Exclusive Q&A: 'For Colored Girls' Star Kerry Washington

[caption id="attachment_16618" align="aligncenter" width="500" caption="Getty Images"]Kerry Washington[/caption]

Let it be said: actress Kerry Washington is one of America's most beautiful women.

Possessing cheek bones to rival Jennifer Garner, lips that put Angelina Jolie to shame and legs like Tina Turner's back in the day, Washington is a bonafide babe. It's no wonder L'Oreal Paris came calling and made her one of their spokespeople alongside Eva Longoria and Beyoncé.

But the Bronx native isn't just a looker. The "Ray" star is an indie darling, a talented performer both on the silver screen and on stage, a passionate political activist involved in a number of causes, and graduate of George Washington University. In her latest role, as a social worker who witnesses unspeakable tragedy in Tyler Perry's "For Colored Girls," Washington gives a typically powerful performance in a film chock full of them.

Perry, in adapting the ground breaking play by Ntozake Shange, assembled a stellar ensemble of leading ladies that includes the talented likes of Janet Jackson, Thandie Newton, Anika Noni Rose, Kimberly Elise and Whoopi Goldberg.

We spoke to a bubbly and gracious Washington about working with some of the best in the biz, and what it's like uttering those famous L'Oreal lines...

You're known as an actress who's involved in many causes. Do you make role choices to reflect that passion?

It's sort of a chicken and egg situation. I'm not sure what comes first. I come from a really politically conscious family, and so that part of me was sort of inbred. But I do think there's something about being an artist that can often lend itself to a more compassionate way of thinking about your fellow human being - because the job of the actor is to literally walk in someone else's shoes. Of course there are famous conservative actors. But I think for me personally, having a job that requires that I constantly ask myself, "What would that person do? How would that person feel?" -- it encourages me to live in the world with a more compassionate understanding.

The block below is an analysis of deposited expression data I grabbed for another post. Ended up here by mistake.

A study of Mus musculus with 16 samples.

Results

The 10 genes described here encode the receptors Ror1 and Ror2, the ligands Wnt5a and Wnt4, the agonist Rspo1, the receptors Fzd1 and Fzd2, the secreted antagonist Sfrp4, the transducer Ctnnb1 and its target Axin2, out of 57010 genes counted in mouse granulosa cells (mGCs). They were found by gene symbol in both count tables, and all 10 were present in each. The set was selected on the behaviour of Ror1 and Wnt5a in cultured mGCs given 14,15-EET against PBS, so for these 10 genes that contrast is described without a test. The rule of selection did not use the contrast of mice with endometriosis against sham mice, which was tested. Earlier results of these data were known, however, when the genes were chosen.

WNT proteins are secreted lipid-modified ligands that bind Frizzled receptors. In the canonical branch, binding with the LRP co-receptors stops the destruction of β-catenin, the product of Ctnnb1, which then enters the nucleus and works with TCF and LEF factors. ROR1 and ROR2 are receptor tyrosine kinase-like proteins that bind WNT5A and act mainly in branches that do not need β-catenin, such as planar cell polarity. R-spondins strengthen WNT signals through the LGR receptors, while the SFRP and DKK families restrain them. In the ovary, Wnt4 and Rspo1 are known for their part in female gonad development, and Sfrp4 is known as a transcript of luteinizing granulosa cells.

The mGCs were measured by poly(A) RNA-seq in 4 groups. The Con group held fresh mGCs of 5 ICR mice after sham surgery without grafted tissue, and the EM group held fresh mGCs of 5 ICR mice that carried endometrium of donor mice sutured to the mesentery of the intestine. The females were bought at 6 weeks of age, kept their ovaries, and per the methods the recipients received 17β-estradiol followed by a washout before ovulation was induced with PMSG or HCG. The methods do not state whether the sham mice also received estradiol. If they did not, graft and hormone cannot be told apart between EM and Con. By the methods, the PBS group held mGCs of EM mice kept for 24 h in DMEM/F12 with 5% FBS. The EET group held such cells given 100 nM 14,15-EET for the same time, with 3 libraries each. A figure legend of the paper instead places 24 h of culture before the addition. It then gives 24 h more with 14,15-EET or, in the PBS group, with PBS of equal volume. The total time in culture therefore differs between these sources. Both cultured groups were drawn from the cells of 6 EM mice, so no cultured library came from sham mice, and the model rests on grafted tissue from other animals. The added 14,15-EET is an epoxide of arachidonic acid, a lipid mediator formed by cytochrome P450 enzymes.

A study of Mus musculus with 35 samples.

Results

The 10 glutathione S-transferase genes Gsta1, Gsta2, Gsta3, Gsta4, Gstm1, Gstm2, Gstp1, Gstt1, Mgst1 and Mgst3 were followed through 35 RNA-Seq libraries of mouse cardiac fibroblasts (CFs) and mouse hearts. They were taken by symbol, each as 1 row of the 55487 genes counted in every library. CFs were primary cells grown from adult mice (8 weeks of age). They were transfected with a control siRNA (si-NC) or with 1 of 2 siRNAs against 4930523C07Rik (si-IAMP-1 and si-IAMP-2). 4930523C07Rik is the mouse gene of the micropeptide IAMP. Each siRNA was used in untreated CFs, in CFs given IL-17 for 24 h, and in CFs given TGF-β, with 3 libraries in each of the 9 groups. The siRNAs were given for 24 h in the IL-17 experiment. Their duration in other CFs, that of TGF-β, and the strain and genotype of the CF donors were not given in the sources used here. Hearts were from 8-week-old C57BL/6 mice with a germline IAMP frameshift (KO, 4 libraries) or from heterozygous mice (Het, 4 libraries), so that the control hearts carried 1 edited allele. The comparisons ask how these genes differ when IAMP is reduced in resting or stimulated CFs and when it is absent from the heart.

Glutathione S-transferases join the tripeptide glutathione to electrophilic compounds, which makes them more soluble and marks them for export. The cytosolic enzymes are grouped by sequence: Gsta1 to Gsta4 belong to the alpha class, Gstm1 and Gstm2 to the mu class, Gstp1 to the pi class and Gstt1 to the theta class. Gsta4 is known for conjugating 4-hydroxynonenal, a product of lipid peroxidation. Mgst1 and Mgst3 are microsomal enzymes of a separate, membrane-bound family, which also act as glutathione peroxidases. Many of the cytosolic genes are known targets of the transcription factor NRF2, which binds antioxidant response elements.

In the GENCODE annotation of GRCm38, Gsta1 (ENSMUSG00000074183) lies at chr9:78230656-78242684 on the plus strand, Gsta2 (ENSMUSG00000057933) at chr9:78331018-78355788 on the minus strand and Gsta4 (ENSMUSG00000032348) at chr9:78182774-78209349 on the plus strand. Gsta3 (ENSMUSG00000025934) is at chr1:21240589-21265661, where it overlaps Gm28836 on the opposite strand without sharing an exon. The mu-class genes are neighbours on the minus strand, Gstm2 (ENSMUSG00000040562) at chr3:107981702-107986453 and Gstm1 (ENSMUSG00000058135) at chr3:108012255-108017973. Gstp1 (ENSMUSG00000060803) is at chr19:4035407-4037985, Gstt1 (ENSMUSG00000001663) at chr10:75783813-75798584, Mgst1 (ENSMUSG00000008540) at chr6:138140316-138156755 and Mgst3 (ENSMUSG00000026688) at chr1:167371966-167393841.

Speaking of feeling, how did you feel when you came onto Perry's set? Were you and the cast intimidated given the following the play has?

[caption id="attachment_16621" align="alignright" width="300" caption="Lionsgate"]Kerry Washington and Hill Harper in "For Colored Girls"[/caption]

There was pressure, but I would call it more responsibility. There was sort of an excitement around the responsibility that we were taking on. So that was really how we walked into it. We weren't afraid of it per se. We wanted to honor the legacy of the work. If anything, we were inspired by each other.

What was it like working with these ladies?

One of the things that was so interesting about doing the film was that we all had such different processes. Some people really wanted to stay in character all the time. Other people asked to be called by their real names between every take because they felt they needed to be grounded in reality in that way. So I really commend Tyler for being able to take this group of actresses, who each work in such varied ways, and to still somehow get these incredible performances out of each of us.

Now on to lighter fare -- were you at all jealous that you didn't get to don a superhero costume in the "Fantastic Four" series? Don't lie.

No, it looked very tight and uncomfortable. I'd love to play a superhero though. I was really excited about playing Alicia Masters. That was a big decision for the studio, to be willing to change this traditional character from the comic book into an African American woman. I was really thrilled when we came to them with the idea that they were willing to do it. Even now in the animated version, Masters is black which is cool. It's such a great way of updating the series, and making sure that all kids who tune feel have a place that they can see themselves.

We're guessing you didn't ever see yourself landing the enviable feat of being a L'Oreal spokesperson. Was it surreal when you first uttered the lines, "Because you're worth it"?

It was! It definitley was. I love that I know how to say it in five different languages. It's such a honor. I remember growing up seeing Vanessa Williams as a L'Oreal girl, thinking I'm worth it. As in, if she's worth it, then I may be worth it. Not in terms of I'm worth a new lipstick. It was more just maybe I'm pretty.

Maybe?! Kerry's Hot People Looking Hot gallery ought to be proof positive of prettiness.